Filing a division I proposal – a quick overview


In a Division I proposal, an insolvent person attempts to work out a compromise to repay the insolvent person’s debts. A proposal, if accepted and performed, will typically provide creditors with a better recovery than might otherwise be achieved through the debtor’s bankruptcy. The debtor also stands to benefit since, unlike a bankruptcy, the proposal allows an insolvent person to gain temporary financial shelter so as to reorganize their financial affairs. For a corporate debtor, a successful proposal may allow it to re-emerge at the end of the proposal with its business operations still intact.

Filing the proposal

As with a bankruptcy, an insolvent person looking to make a proposal must work with a Licensed Insolvency Trustee (LIT). The LIT on behalf of the debtor will file the proposal itself or, more typically in the case of a corporation, will file a notice of intention to make a proposal with the Office of the Superintendent of Bankruptcy (OSB). The initial filing imposes a stay on creditors such that they may not commence or continue legal action to enforce their claims against the debtor.

Within five days following the filing, the LIT will notify creditors of the filing. In the case of a notice of intention, the proposal itself must be filed with the OSB within 30 days of a notice of intention, unless within that 30 day period the debtor makes an application to the court for an order extending the time for filing the proposal. Additional extensions may be applied for in appropriate situations.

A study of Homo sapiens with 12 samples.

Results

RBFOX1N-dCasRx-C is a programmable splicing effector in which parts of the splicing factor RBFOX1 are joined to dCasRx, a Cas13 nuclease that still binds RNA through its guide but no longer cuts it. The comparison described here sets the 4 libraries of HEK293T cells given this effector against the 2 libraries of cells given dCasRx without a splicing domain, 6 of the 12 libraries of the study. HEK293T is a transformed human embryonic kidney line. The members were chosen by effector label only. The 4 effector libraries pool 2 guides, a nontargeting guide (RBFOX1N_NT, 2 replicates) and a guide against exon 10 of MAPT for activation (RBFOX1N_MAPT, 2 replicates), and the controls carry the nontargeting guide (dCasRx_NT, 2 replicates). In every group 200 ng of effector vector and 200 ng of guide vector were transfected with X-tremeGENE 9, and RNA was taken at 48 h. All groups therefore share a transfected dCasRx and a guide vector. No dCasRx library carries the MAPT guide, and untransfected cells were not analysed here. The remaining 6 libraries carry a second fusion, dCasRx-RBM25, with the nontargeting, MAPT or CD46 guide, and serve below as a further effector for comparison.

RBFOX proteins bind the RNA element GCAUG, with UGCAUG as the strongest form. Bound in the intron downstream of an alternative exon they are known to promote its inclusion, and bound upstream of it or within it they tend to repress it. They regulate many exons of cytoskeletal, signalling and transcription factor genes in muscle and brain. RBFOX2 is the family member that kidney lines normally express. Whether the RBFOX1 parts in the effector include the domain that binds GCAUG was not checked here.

Meeting of creditors

After the proposal has been filed, the creditors meet to vote on it. The proposal must be approved by a majority in number and two thirds in value of the unsecured creditors of each class. If a proposal is also made to secured creditors, then the secured creditors must also approve the proposal to them with the same majorities of number and value of claims. If approved by unsecured creditors, the proposal will then be presented to the court for review and approval. Approval by secured creditors is not a condition for presentation to the court.

Should the unsecured creditors or the Court refuse to approve the proposal, the debtor will be deemed to have made an assignment in bankruptcy. If all required approvals are obtained, the proposal becomes legally binding on both the debtor and unsecured creditors, as well as on any secured creditors who were made a party to the proposal if the required majority of secured creditors of the class voted in favour of the proposal.

Performance and release

Following approval, the debtor will make payments to creditors through the LIT in accordance with the provisions detailed in the proposal, and perform any other obligations that may have been stated in the proposal. Debts incurred after the proposal or notice of intention was filed are not subject to its provisions and will paid by the debtor in the normal course of the debtor’s business.

Should the debtor fail to perform the proposal in accordance with the terms, one or more creditors may apply to the court to have the proposal annulled in which case, the debtor will be deemed to have made an assignment in bankruptcy.

The proposal will be satisfied once the debtor’s obligations under the proposal have been completed. The LIT will then issue a certificate of full performance thereby releasing the debtor from debts covered under the proposal.

Given the risk of immediate bankruptcy if the original proposal is rejected by creditors, the importance of developing a sound proposal from the outset cannot be overstated. Insolvent persons, in particular corporations, are therefore wise to work in collaboration with an experienced insolvency lawyer to ensure that their proposal stands the best chance of acceptance by creditors.